Low levels of contraceptive use in Ethiopia result in high levels of unintended pregnancy which, in turn, create a broad range of negative consequences for women, their families and the national health care system. The new report, "Benefits of Meeting the Contraceptive Needs of Ethiopian Women," released today by the Guttmacher Institute and the Ethiopian Society of Obstetricians and Gynecologists (ESOG), documents the considerable financial and health benefits that would accrue from increased investment in contraceptive services.
More than seven in 10 Ethiopian women who want to avoid pregnancy either do not practice contraception or use relatively ineffective traditional methods. Forty-one percent of all pregnancies in Ethiopia are unintended, and the vast majority of these pregnancies—95%—occur among women who do not practice contraception. As a result, women are having more children than they want. The gap between wanted and actual fertility is particularly large among poor women, who have especially limited access to contraceptive services.
According to the new report, meeting just half of Ethiopian women's needs for modern contraceptives—that is, providing modern methods to 50% of the women who wish to avoid a pregnancy but currently use no method or use an ineffective method—would result in significant health benefits. There would be nearly 754,000 fewer unintended pregnancies—a 46% decline from current levels—which would mean 465,000 fewer unplanned births, 178,000 fewer induced abortions and 3,300 fewer maternal deaths than currently occur.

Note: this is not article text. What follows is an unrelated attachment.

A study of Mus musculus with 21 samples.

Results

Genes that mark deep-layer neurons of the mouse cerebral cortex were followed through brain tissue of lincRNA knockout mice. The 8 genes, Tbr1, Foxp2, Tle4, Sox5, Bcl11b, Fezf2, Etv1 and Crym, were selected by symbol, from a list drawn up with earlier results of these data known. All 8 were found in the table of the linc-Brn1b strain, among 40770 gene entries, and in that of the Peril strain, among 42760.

If the full need for modern contraceptive methods among Ethiopian women who want to avoid a pregnancy were met, the result would be even more dramatic: There would be nearly 1.5 million fewer unintended pregnancies than currently occur, which would reduce unplanned births and unsafe abortions by 89–92%, while maternal mortality would drop by nearly one-third from current levels.
Meeting women's need for modern contraceptives also saves money. While increasing family planning services would initially require increased spending, the costs would be more than compensated for by the savings that would accrue from avoiding health care costs related to unintended pregnancies and their consequences. Meeting half of the need for modern contraceptives would result in net savings of US$16 million (148 million Ethiopian birr), while fulfilling all unmet need would generate a net savings of $34 million (314 million birr).
"The benefits that result from this investment are far-reaching. It would improve women's health and lives, the well-being of their families and society as a whole", said Yirgu Gebrehiwot, ESOG president and a coauthor of the study. "These benefits result in reducing poverty levels and improving the country's ability to meet development goals. Considering the benefits, this is clearly a smart investment in a better future for Ethiopia".
"Expanding contraceptive services is a crucial step in responding to Ethiopians' desire to plan their families," said coauthor Michael Vlassoff, senior research associate at the Guttmacher Institute. "All stakeholders, including national and local governments, the private sector and international donors should substantially increase their investment in family planning services in Ethiopia, to meet the rising demand for contraceptives".
The full report and a detailed appendix are available at www.guttmacher.org. The high rate of return on investments in contraceptive services documented in "Benefits of Meeting the Contraceptive Needs of Ethiopian Women" echoes findings from similar analysis conducted by the Guttmacher Institute and partners in Uganda and the Philippines and builds on a growing body of cost-benefit research conducted by the Institute.